We all know Kobe Bryant’s impact on basketball and how he revolutionized the game; however, there is another culture that he has been deeply rooted in and possibly just as impactful: Hip Hop.
Bryant has been mentioned in countless hip hop lyrics from a wide spectrum of artists that include Lil Wayne, Fabolous, Travis Scott, Kanye West (who recently held a special post-Grammy service for the Bryant) and many more. His dominance in the league was legendary, so much so, that his name has been dropped in hundreds of verses as a symbol of triumph and greatness – someone who defies the odds against him.
WHEN THE NEWS HIT….
The news of Bryant’s passing shook the hip hop community, arguably just as much as it did the NBA.
How could this be? Why does Kobe Bryant have such an impact on the hip hop culture?
WHAT KOBE BRYANT MEANS TO US
Many forget that the roots of hip hop come from struggle and the drive to triumph despite all the obstacles that may have been placed in your way.
There are a plethora of examples of individuals who have overcome their adverse situations to make it to where they are now, including many of the rappers that have name dropped Kobe in their own verses. But what makes Kobe so special is the greatness associated with his name. It’s almost as if his name is synonymous with being the best. Bryant dubbed this aura of greatness himself as the “Mamba Mentality”
In a 2009 track titled “Kobe Bryant,” Lil Wayne raps about this same mentality as it relates to hip hop. How to be like Kobe, is to strive to be the best. Which is why he dedicated this song to his favorite player.
“I want to be the best, simple and plain/ That’s why I play the game/ And to be the best you have to win/ And that’s what drives me,”
In a 2015 interview, speaking on his bond with Bryant, Lil Wayne states that the Lakers became his favorite team when Kobe entered the league because they both shared one thing in common that he held in the highest regard: “Youth.”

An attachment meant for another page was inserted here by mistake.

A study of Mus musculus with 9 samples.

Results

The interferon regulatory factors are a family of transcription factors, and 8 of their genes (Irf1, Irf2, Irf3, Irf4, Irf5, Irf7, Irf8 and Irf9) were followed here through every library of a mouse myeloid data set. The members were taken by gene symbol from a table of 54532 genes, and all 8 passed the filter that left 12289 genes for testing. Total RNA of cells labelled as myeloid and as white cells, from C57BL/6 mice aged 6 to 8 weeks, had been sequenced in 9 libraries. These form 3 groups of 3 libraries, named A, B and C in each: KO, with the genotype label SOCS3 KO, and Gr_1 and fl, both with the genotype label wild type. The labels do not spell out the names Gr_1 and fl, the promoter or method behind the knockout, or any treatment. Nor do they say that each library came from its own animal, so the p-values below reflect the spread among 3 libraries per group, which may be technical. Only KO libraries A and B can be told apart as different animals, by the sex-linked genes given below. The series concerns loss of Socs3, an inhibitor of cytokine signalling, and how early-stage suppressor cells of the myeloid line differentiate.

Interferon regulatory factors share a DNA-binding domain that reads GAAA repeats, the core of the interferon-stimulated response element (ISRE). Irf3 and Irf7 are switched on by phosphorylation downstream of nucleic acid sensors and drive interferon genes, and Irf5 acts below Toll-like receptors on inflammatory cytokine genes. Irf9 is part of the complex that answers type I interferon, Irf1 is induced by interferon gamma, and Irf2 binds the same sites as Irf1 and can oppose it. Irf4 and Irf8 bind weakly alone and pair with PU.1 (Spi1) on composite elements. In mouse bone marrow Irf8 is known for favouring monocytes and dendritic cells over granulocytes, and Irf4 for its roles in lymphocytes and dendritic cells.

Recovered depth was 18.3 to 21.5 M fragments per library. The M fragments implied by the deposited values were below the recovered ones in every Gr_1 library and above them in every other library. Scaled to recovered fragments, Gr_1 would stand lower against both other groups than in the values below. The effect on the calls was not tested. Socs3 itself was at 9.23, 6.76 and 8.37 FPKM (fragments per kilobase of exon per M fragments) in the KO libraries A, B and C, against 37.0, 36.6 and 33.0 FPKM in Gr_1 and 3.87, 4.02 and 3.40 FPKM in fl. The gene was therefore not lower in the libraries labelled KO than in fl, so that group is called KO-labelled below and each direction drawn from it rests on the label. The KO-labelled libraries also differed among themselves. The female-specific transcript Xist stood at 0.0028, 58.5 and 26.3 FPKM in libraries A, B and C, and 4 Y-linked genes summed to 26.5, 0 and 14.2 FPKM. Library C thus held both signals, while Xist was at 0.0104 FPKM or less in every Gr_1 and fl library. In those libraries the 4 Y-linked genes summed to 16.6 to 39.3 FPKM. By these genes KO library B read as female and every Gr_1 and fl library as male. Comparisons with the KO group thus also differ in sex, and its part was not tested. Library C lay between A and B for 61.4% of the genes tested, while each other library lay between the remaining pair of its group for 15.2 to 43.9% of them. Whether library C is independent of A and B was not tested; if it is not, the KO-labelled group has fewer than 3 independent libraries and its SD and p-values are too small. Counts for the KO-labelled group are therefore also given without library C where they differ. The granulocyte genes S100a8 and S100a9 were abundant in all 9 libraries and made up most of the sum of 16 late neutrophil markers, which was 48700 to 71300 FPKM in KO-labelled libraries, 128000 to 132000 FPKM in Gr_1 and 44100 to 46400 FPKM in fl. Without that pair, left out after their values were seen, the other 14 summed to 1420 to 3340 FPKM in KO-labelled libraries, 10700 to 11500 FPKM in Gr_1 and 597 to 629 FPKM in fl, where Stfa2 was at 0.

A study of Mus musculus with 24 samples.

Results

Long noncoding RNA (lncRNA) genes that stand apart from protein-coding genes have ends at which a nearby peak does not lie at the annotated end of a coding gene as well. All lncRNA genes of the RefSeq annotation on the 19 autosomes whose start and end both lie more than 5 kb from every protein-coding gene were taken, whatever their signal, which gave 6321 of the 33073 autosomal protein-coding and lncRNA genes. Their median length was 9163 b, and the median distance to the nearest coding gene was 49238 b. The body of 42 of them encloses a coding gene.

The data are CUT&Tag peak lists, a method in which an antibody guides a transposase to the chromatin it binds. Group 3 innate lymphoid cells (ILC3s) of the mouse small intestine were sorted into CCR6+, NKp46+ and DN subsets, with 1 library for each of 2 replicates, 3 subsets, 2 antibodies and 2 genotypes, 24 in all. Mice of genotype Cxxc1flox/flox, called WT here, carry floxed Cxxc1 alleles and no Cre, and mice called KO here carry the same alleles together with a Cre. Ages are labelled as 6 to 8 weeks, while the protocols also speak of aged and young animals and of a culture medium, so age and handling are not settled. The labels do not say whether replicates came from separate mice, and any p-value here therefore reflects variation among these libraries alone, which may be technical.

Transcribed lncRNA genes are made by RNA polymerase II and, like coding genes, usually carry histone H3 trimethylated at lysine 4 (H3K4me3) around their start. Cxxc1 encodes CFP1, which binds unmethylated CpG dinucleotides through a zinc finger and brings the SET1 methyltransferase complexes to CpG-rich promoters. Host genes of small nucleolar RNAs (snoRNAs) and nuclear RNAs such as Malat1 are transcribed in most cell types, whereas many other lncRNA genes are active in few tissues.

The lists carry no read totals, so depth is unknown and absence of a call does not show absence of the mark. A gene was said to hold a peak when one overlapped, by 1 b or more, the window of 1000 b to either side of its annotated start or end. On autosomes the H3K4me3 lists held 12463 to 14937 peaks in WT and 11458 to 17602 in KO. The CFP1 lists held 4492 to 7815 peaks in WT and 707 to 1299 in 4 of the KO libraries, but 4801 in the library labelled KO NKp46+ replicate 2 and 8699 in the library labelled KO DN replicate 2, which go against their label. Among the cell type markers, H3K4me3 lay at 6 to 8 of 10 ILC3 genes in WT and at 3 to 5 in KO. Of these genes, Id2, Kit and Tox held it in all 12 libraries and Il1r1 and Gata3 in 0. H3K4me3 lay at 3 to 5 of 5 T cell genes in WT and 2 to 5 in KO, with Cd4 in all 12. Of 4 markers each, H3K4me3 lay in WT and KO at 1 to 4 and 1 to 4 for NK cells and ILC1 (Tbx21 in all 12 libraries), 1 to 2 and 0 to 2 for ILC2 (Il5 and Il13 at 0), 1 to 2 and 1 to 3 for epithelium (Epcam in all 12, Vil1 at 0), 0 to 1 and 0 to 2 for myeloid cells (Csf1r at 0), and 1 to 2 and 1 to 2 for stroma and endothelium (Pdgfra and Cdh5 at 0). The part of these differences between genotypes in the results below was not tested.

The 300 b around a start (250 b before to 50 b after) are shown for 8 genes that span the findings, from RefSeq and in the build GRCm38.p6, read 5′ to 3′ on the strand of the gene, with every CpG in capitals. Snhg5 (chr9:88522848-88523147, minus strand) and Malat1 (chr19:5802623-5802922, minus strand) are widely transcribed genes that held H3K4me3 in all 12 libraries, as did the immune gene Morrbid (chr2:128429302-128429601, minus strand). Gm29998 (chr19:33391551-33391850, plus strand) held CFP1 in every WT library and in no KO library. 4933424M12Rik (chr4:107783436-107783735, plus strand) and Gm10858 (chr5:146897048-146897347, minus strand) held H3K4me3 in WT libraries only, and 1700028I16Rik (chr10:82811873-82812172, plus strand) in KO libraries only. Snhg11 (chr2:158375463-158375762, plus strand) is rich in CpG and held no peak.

“Nine times out of 10, we both accomplish big things at a young age. They’re young. We’re young.”
The similarities between young successful athletes and rappers are striking and evident. There is no wonder that when Kobe signed to the NBA at age 17, he became an instant icon to multiple communities.
Listen back to all your favorite artists and the respect they show the legacy of Kobe Bryant and look forward to hearing more stories of triumph in his name.
Kanye West, “Ego (Remix)” (2009)
“I had dreams of the league, one day I’d play Kobe/ Or walk up to Puff and he would really know me.”
Drake, “Views” (2016)
“Now me and Kobe doin’ shots the night before the game/ Still drop 40 with liquor in my system.”
Kanye West, “Swagga Like Us” (2008)
“Tryna get that Kobe number, one over Jordan.”
Travis Scott, “STARGAZING” (2018)
“I’m way too gold for this beef, feel like I’m Kobe, yeah/ This right here is astronomical.”
Drake, “Stay Schemin'” (2012)
“Kobe ’bout to lose a hundred fifty Ms/ Kobe my n—-, I hate it had to be him/ B—-, you wasn’t with me shootin’ in the gym.”
Nicki Minaj, “Ganja Burn” (2018)
“Still every team’s number one pick in the draft/ You could bring anybody, weatherman, pick a day/ I’m Kobe, KD, Kyrie, pick a K.”
Chief Keef, “Kobe” (2012)
“Hundred thousand in one pocket, I get paid like I’m Kobe/ When these f— boys play games, man I just play like I’m Kobe.”
A Boogie Wit Da Hoodie, “Still Think About You” (2016)
“I shoot up and lean back on some Kobe s—/ They don’t know how to pass on some Kobe s—.”
Kendrick Lamar, “Untitled 02” (2016)
“Me and Top is like a Kobe and Phil/ A father figure f— with him, you get killed/ F— with me and he will kill you himself.”
Young Thug, Check (2015)
“I promise I won’t ever quit, b—-, I’m Kobe/ And I whip that white, you can snow me/ Stoner Young Thugger.”
ScHoolboy Q, “THat Part” (2016)
“N—- with an attitude, I feel like O’Shea/ Walkin’, livin’ legend, man I feel like Kobe (Kobe).”
Big Sean, “No More Interviews” (2016)
“Going off like Kobe when he wore the Crazy Eights.”
J. Cole, “Cole World” (2011)
“I ball, I ball, like Kobe in the fall/ Put trophies on wall, rather trophies on my mantle.”
Fabolous, “Black Mamba Freestyle” (2016)
“Hope you ready for that Hall of Fame/ April 13th, Mamba Day forever/ Kobe gone, but his legacy gon’ play forever.”